Pete Wung, who authors his own blog, shared a post from The Daily Coach which delves into the idea of sustainable values vs. situational values. In short, sustainable values, in this context, are ones related to the long-term wellness and success of an organization (and/or those in it). Situational values, in contrast, are about what’s best in the moment, often with a bias towards what’s best for the individual(s) making the decisions.

I think we can broadly agree that we want to work in the realm of sustainable values. The problem is there tends to be strong incentives for us to operate at more the situational level.

Consider the situation of young volleyball players (10s, 12s) at the club level. There’s a lot of support for the idea that avoiding specialization is beneficial for their long-term health and development. Also their enjoyment. Same with limiting the degree to which competition is a central focus. Those are sustainable level values.

There are situational ones, though, that influence coach and club decision-making. That is especially related to winning. Coaches have egos. Winning strokes those egos. Clubs want to attract and retain players. Winning tends to help with that. It also tends to reduce parent complaints. As a result, there is a strong incentive to have successful teams. Successful teams, of course, tend to focus on competitiveness. And as this post speaks to, they often also mean more specialization than would otherwise be desirable.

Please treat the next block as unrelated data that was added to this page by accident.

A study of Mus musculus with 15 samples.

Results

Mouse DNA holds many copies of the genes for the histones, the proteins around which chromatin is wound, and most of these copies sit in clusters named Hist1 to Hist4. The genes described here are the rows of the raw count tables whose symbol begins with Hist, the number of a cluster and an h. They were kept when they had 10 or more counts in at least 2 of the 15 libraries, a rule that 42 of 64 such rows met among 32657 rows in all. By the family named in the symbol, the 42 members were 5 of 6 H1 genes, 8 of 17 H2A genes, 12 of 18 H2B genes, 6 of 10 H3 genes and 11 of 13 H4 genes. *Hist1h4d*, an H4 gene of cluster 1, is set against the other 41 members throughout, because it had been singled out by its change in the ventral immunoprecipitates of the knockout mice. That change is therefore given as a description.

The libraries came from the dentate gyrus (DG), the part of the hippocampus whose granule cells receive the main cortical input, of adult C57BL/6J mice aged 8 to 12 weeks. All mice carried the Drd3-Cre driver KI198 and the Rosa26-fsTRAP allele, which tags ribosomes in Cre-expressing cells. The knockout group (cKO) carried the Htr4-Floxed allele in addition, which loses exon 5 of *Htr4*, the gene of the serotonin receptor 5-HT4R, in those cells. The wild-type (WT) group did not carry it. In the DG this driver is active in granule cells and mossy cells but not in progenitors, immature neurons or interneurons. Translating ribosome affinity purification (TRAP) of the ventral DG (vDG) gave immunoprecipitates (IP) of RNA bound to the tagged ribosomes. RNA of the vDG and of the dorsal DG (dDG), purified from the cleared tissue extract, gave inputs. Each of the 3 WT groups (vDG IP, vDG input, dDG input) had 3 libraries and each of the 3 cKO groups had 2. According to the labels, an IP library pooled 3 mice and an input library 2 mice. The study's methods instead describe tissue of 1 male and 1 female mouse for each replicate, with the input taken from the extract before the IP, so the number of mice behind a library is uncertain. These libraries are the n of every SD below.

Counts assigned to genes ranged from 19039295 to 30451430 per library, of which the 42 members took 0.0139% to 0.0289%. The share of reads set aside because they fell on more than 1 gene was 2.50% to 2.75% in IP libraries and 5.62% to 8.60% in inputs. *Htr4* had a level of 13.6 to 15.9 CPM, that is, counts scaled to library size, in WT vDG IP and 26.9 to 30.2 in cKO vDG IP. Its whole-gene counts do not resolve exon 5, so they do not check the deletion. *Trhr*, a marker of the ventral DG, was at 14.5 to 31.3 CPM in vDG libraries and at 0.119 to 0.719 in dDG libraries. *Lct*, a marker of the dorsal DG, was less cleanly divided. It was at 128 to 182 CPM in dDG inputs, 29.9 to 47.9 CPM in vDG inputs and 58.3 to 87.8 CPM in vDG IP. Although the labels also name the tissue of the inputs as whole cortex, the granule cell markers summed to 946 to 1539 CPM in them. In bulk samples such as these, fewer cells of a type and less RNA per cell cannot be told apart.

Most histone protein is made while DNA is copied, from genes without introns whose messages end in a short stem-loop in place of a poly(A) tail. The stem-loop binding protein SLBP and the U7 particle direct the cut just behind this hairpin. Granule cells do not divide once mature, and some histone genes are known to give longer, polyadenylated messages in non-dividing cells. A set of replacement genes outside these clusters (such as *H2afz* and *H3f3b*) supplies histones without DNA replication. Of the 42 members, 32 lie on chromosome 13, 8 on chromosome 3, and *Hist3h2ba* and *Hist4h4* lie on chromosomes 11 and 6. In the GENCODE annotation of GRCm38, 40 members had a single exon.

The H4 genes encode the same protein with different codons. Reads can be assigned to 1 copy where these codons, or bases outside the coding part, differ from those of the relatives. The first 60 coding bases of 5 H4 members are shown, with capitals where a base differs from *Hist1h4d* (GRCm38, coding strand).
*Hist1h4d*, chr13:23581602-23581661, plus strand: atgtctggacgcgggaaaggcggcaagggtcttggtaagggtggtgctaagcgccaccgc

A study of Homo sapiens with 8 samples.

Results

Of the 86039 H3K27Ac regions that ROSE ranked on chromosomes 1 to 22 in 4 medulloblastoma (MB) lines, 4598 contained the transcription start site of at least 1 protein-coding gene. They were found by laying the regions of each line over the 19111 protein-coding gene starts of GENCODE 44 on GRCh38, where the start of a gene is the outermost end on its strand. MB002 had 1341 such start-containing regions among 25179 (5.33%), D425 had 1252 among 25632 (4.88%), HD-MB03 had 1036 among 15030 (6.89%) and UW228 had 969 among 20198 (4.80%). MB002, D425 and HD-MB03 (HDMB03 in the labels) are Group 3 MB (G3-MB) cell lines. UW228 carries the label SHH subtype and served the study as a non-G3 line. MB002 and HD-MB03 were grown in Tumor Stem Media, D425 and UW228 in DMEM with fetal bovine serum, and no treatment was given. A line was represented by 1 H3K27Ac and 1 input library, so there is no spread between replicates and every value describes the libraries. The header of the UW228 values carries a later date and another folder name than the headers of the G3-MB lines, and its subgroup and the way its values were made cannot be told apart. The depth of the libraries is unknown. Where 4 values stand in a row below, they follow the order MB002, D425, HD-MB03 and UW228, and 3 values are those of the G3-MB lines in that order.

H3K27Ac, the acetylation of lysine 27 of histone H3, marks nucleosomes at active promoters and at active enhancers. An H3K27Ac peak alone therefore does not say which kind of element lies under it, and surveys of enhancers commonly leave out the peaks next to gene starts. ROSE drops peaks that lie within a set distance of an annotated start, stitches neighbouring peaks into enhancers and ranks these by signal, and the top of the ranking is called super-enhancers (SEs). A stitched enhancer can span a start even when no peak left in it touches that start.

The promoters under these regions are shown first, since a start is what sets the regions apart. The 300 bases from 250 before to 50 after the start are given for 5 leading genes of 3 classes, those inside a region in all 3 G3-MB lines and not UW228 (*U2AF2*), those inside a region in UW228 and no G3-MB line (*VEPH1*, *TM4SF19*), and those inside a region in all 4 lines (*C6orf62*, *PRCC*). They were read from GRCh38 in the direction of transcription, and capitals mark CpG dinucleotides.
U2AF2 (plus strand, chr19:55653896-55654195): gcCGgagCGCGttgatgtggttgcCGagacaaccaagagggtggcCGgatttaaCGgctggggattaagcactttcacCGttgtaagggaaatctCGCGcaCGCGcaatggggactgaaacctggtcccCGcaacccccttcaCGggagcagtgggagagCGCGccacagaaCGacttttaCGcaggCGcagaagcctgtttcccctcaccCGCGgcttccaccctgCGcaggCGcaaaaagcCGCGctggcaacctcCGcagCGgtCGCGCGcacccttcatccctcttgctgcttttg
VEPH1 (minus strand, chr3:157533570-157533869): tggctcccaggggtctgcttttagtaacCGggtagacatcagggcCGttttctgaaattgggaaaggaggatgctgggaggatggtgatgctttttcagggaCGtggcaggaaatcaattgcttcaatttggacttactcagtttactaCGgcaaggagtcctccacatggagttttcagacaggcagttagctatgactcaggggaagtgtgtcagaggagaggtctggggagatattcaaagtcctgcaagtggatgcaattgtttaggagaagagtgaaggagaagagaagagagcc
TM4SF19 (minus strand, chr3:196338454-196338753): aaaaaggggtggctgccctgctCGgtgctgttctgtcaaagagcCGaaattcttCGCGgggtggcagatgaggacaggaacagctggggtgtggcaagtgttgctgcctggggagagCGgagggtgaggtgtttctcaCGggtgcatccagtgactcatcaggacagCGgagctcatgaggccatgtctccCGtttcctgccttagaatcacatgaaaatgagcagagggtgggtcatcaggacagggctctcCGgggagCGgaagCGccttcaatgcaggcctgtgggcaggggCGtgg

Where else do we see these conflicts?

How about professional clubs who only focus on winning this season? What about a college coach who makes line-up decisions for this year because they think it will help them get a better job? Then there’s any organization (club, school team, etc.) that caves in to a noisy parent simply to mollify them.

Our world – both volleyball and wider- is full of these long-term vs. short-term conflicts. The challenge we all face – especially those in administrative positions – is how to shift the balance. How do we move the bias away from thinking about now and toward thinking more about the long-term?

It’s not an easy thing. That’s for sure!

If we want our sport to continue to evolve and grow – and to be as significant as our participation numbers suggest it should be – we need to think about these sorts of things.

John Forman

John is currently the Talent Strategy Manager (oversees the national teams) and Indoor Performance Director for Volleyball England, as well as Global Director for Volleyball for Nation Academy. His volleyball coaching experience includes all three NCAA divisions, plus Junior College, in the US; university and club teams in the UK; professional coaching in Sweden; and both coaching and club management at the Juniors level. He's also been a visiting coach at national team, professional club, and juniors programs in several countries. Learn more on his bio page.

Please share your own ideas and opinions.